Whitney marks 100 years of historic bench site

Reporter: Ellie Mahan

August 4, 2022

Sisters (l to r) Debbie Rose Money and Jennifer Rose Ryan marked the 100th anniversary of Whitney’s historic bench site Saturday. The sisters are great-granddaughters of Tom Rose, who was known as dean of the “bench sitters.” Displayed next to them are photos that were published in Life Magazine.

The anniversary of the placement of a bench at Brazos Street and Washington Avenue in downtown Whitney, the site of the 1949 Battle of The Benches, was marked Saturday, July 30.

New Mayor Jerry Barker, descendants of the original bench sitters and members of a local antique car club joined a celebration of the historic site Saturday morning.

Attendees listened to 1920’s music, ate birthday cake and listened to an overview of the bench’s historical significance.
Anne Chastain, owner of Juniper Cove Winery, organized the bench’s birthday celebration. Chastain explained the bench’s history and stated, “Whitney’s history is very important to our town. It reaches into our character. It shows a lot about family, and that is what we’re here to talk about.”

The tale of the Battle of the Benches, which was published in Life Magazine, is one many Whitney residents know. Old timers sat on their beloved bench, whittling, spitting and passing judgment on everything that passed. In downtown Whitney, the bench was located across the street from what was at that time the newly opened Whitney Clinic and Hospital. Women of the town were frustrated by the men sitting on the bench and would go out of their way to avoid the old timers.

In response to complaints, Whitney’s mayor in 1949, Fred Basham, removed the bench, which started the battle that ultimately ended with the old timers getting their bench back. A bench is still in place at the site and was refurbished in August 2021. Read more about the history of the Battle of the Benches in the “Looking Back” Column (page 6).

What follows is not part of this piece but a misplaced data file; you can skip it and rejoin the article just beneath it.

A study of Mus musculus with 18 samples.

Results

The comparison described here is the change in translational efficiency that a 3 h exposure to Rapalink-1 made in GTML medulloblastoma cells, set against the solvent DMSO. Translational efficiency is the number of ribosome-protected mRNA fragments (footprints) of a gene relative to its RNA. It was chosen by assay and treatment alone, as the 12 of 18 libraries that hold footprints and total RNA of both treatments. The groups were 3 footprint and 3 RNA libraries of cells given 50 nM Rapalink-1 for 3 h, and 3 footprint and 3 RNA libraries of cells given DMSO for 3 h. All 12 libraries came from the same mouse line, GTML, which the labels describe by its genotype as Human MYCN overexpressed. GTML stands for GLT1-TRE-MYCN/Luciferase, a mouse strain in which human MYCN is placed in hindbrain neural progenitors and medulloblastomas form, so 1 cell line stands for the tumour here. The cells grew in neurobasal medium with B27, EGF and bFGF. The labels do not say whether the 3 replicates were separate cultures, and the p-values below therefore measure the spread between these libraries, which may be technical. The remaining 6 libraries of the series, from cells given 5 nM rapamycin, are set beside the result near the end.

Chastain also read a piece of writing submitted to her by the grandson of Fred Basham. The writing attests that there may be another side to the story of the Battle of The Benches. Chastain read Basham’s grandson’s perspective and acknowledged that it may be folklore…

It read: “The mayor in Whitney was Fred Basham, my grandfather. He was a World War II veteran and was an integral part of the building of Lake Whitney. The Battle of the Benches was a total gag cooked up by my grandfather and Paul Crume, who was a reporter and later longtime columnist for the Dallas Morning News. Mr. Crume had a connection at Life Magazine, and my grandad wanted to bring attention to Whitney and the soon-to-be new lake, Lake Whitney. They played up the story for all that it was worth.”

“The main thing was everyone had a great time, and my granddad brought some national attention to the City of Whitney. Shortly after the Battle of the Benches, he reinlisted in the Air Force and went on to have a storied career, retiring as a decorated World War II, Korea and Vietnam veteran. He is now buried in the Bethlehem Cemetery here in Whitney.”

Chastain finished, “Whether that is true or not, we have folklore in our town, and what you’re going to be seeing over the next several years is more and more history of the City of Whitney coming out because that is part of our character and our history.”

She encouraged attendees to visit the Whitney Area Museum, which is open on Saturdays, for more information on Whitney’s history.